A SARPA Embraer E120 at Colombia’s La Macarena Airport left the runway on August 19, 2019, after landing in bad weather. The incident was reported in The Aviation Herald who noted that the plane veered to the left off the runway after landing and came to rest with its nose and left gear in a ditch. No-one was injured but the E120 did suffer some damage.
The aircraft (registered as HK-4973) was operating a flight from Bogota to La Macarena. There were 29 passengers and three crew on the flight. The website Crash Aerian Aero said the aircraft landed on runway 35 in heavy rain.
Footage was recorded of the plane landing.
SARPA is a small Colombian charter, air ambulance and air taxi service based in Bogota. It operates two Embraers, nine Jetstream 3201s, and a single Learjet 45XR.
A rocky year for SARPA
Yesterday’s incident at La Macarena is the third incident involving SARPA in less than a year.
According to Aero Inside, a SAPRA jetstream (HK-4540) was flying from Quibdo to Bahia Solano on August 8th, 2019. Similar to yesterday’s incident, the jetstream veered left off the runway after landing at Bahia Solano and ended up in a ditch with its nose wheel collapsed. There were 18 people on the plane but no injuries were reported. The aircraft was reported to have suffered substantial damage.
In November 2018, another SARPA jetstream landed at Bahia Solano after a flight from Medellin. The plane, registered as HK-4394, landed on runway 18, veered off and stopped in soft ground. No injuries were reported. The aircraft suffered minor damage.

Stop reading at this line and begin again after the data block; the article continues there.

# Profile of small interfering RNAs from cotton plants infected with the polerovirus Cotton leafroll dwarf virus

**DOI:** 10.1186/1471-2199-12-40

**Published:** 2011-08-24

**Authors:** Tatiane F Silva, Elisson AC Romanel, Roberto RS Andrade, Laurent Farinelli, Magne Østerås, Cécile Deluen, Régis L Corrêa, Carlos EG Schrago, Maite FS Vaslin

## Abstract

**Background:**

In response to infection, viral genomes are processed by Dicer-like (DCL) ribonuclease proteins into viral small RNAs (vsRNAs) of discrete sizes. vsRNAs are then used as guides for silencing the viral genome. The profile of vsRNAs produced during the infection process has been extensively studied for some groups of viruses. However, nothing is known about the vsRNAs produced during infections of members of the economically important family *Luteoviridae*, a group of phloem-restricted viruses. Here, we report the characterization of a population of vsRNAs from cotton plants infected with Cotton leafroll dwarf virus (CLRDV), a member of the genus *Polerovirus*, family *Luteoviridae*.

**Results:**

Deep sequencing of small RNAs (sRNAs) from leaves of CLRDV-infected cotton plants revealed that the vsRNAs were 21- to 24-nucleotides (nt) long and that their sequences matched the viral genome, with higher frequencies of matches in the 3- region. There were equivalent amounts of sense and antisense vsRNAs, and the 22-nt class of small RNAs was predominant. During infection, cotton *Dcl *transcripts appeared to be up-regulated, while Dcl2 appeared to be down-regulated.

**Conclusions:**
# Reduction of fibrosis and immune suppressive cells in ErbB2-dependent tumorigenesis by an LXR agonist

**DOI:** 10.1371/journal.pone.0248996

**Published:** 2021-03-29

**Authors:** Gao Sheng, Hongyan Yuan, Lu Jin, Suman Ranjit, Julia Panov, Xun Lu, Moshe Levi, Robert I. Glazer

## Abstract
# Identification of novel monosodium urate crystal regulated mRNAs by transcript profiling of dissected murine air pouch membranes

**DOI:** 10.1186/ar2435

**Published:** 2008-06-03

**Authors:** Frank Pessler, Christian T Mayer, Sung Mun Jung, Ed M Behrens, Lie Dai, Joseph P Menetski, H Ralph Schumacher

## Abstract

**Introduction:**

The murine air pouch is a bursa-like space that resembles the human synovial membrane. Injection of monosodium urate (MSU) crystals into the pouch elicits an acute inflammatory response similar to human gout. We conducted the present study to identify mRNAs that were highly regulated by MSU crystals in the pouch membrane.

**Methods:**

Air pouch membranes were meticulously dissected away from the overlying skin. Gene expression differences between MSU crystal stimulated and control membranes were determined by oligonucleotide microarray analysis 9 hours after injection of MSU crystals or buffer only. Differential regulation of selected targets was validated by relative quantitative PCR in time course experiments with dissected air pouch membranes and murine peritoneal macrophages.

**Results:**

Yesterday’s incident at La Macarena is been investigated by Colombia’s aviation regulatory authority, Aerocivil.
Aviation safety in South America is fast improving
Aviation safety in Central and South America has improved dramatically in recent decades. The region had long been dogged by safety issues and a high accident rate. But now, the aviation industry in the region is on par with global safety standards and serious accidents are becoming less common.
Aircraft leaving the runway or runway overruns are not uncommon and happen around the world. It’s not the exclusive domain of developing nations or smaller airlines.
Incidents like yesterday’s SARPA matter are relatively common.
Earlier this month an S7 787-800 overran the runway whilst taking off from Moscow. The seasonal monsoon in India has caused a wave of incidents with aircraft in that country. A United Airlines 757 skidded off the runway at Newark two months ago. This month, an Emirates A380 landed in Amsterdam with deflated tires.
None of these incidents caused injuries beyond a decent scare. What they do go to show is that “minor” incidents like yesterday’s SARPA incident at La Macarena are reasonably regular events.
SARPA’s three incidents in the last twelve months resulted in no injuries to passengers or crews. That suggests a high degree of professionalism and training from the pilots. The success (from a safety perspective) of big local airlines like Avianca suggest that incidents like what happened yesterday at La Macarena will become increasingly rare in the region.
Simple Flying reached out to SAPRA for a comment about the incident at La Macarena yesterday but had received no response prior to publication.